Killing Fields Choeung Ek, Phnom Penh, Cambodia

For those who have been to Cambodia, the term Killing Fields is very common there. In fact, it is one of the to-do list in Cambodia. The entrance fee is about USD5 or 6 per person (sorry i cant seem to recall how much it cost) but it comes with an audio guide. The audio comes in many languages. I listened to the english version which was narrated by an ex-survivor of the killing field which was awesome and heart moving.

The Killing Fields are a number of sites in Cambodia where large numbers of people were killed and buried by the communist Khmer Rouge regime, during its rule of the country from 1975 to 1979, immediately after the end of the Cambodian Civil War (1970–1975).


Buddhist stupa that houses the skulls.

Analysis of 20,000 mass grave sites by the DC-Cam Mapping Program and Yale University indicate at least 1,386,734 victims of execution. Estimates of the total number of deaths resulting from Khmer Rouge policies, including disease and starvation, range from 1.7 to 2.5 million out of a 1975 population of roughly 8 million. In 1979, communist Vietnam invaded Democratic Kampuchea and toppled the Khmer Rouge regime. Cambodian journalist Dith Pran coined the term “killing fields” after his escape from the regime.


Buddhist stupa


Close up on the skulls placed in the Stupa.


Buddhist stupa

Choeung Ek, the site of a former orchard and mass grave of victims of the Khmer Rouge – killed between 1975 and 1979 – about 17 km south of Phnom Penh, Cambodia, is the best-known of the sites known as The Killing Fields, where the Khmer Rouge regime executed over one million people between 1975 and 1979. Mass graves containing 8,895 bodies were discovered at Choeung Ek after the fall of the Khmer Rouge regime. Many of the dead were former political prisoners who were kept by the Khmer Rouge in their Tuol Sleng detention centre.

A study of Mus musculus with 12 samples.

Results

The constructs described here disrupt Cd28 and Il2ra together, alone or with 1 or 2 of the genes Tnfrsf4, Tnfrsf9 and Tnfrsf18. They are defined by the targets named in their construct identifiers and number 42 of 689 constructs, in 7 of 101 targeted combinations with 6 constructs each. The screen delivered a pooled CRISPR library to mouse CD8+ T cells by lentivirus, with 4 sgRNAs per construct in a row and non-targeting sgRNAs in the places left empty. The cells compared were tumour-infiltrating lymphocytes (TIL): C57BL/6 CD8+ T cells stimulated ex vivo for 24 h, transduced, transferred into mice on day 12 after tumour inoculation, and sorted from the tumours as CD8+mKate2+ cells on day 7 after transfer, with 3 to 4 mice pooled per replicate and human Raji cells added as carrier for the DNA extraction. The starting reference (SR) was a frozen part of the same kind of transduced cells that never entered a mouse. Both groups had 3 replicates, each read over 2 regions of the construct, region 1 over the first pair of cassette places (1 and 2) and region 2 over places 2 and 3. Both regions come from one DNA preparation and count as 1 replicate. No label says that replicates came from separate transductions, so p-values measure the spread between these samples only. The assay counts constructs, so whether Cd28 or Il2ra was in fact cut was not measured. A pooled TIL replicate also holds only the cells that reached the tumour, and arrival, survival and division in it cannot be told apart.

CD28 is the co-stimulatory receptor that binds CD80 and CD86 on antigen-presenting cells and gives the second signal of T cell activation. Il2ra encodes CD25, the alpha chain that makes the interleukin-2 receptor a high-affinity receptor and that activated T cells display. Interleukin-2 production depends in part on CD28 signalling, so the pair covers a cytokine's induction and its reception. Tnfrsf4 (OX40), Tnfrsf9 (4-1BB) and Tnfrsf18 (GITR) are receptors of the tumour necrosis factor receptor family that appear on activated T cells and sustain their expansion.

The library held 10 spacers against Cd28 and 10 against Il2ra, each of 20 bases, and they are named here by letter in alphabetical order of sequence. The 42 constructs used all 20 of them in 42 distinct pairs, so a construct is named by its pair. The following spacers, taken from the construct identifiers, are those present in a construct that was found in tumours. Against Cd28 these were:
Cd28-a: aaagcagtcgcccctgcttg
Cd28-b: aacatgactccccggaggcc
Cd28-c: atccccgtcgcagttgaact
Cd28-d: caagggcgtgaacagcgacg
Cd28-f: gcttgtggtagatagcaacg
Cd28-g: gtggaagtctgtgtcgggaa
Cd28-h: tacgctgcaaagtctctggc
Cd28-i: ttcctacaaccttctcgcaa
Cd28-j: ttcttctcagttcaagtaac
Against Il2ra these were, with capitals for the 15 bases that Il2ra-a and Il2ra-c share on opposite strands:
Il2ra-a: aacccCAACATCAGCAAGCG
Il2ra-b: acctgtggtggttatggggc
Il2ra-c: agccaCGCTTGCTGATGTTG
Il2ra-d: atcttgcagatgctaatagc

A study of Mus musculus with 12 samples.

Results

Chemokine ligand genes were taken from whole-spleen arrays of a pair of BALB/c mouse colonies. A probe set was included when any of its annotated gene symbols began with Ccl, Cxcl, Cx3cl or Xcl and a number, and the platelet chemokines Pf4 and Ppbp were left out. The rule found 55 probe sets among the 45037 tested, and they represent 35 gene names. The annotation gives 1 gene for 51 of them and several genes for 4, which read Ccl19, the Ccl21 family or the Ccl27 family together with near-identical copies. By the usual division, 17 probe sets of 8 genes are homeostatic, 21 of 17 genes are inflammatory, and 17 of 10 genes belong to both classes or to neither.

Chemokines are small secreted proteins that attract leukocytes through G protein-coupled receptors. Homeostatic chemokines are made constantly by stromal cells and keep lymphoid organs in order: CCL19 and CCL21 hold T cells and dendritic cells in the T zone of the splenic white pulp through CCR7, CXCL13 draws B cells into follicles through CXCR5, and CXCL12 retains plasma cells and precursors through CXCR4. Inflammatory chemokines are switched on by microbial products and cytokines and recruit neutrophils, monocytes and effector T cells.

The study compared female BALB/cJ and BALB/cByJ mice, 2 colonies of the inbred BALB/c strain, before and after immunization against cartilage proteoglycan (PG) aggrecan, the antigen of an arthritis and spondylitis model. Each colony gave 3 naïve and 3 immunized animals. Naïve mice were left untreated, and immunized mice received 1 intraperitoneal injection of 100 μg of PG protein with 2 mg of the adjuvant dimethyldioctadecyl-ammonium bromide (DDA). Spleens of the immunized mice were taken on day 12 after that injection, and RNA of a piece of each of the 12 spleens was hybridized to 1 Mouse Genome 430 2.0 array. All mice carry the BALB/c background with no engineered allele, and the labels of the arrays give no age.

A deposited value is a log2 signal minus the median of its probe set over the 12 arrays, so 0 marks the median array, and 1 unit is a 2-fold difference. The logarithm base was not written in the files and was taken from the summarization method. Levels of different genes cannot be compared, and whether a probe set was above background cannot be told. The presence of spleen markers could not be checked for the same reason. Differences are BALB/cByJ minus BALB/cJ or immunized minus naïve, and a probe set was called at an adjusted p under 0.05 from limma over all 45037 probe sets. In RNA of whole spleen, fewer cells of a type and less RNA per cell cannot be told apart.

One of the many mass graves.


Mass grave site. The colorful handmade wrist band probably is a well wishing sign for the soul to rest in peace.

Today, Choeung Ek is a memorial, marked by a Buddhist stupa. The stupa has acrylic glass sides and is filled with more than 5,000 human skulls. Some of the lower levels are opened during the day so that the skulls can be seen directly. Many have been shattered or smashed in. Human bones still litter the site. On May 3, 2005, the Municipality of Phnom Penh announced that they had entered into a 30-year agreement with JC Royal Co. to develop the memorial at Choeung Ek. As part of the agreement, they are not to disturb the remains still present in the field.


Apparently this tree was used to torture and kill innocent women and child.


Passing through the mass grave site.

Towards completing the tour of the site, I had to sit down for a while to take it all in. I still cant believe that such cruel mass murder had happened in late 70’s. Its was not as scary as I thought it would be. However it was very sad and a small part of me was angry that it had happened. I cant imagine how the locals would feel. But honestly I think they are also trying to move on from this. Every time when we speak about this with a Cambodian, you can sense the emotional feeling through their tone. I’m glad that they are in much better place now.

Apparently this has been made into a movie, called The Killing Fields. What you seem the movie?


Visited in July 2014.

Credits: Wikipedia only for some facts and figures. All photos are taken by me.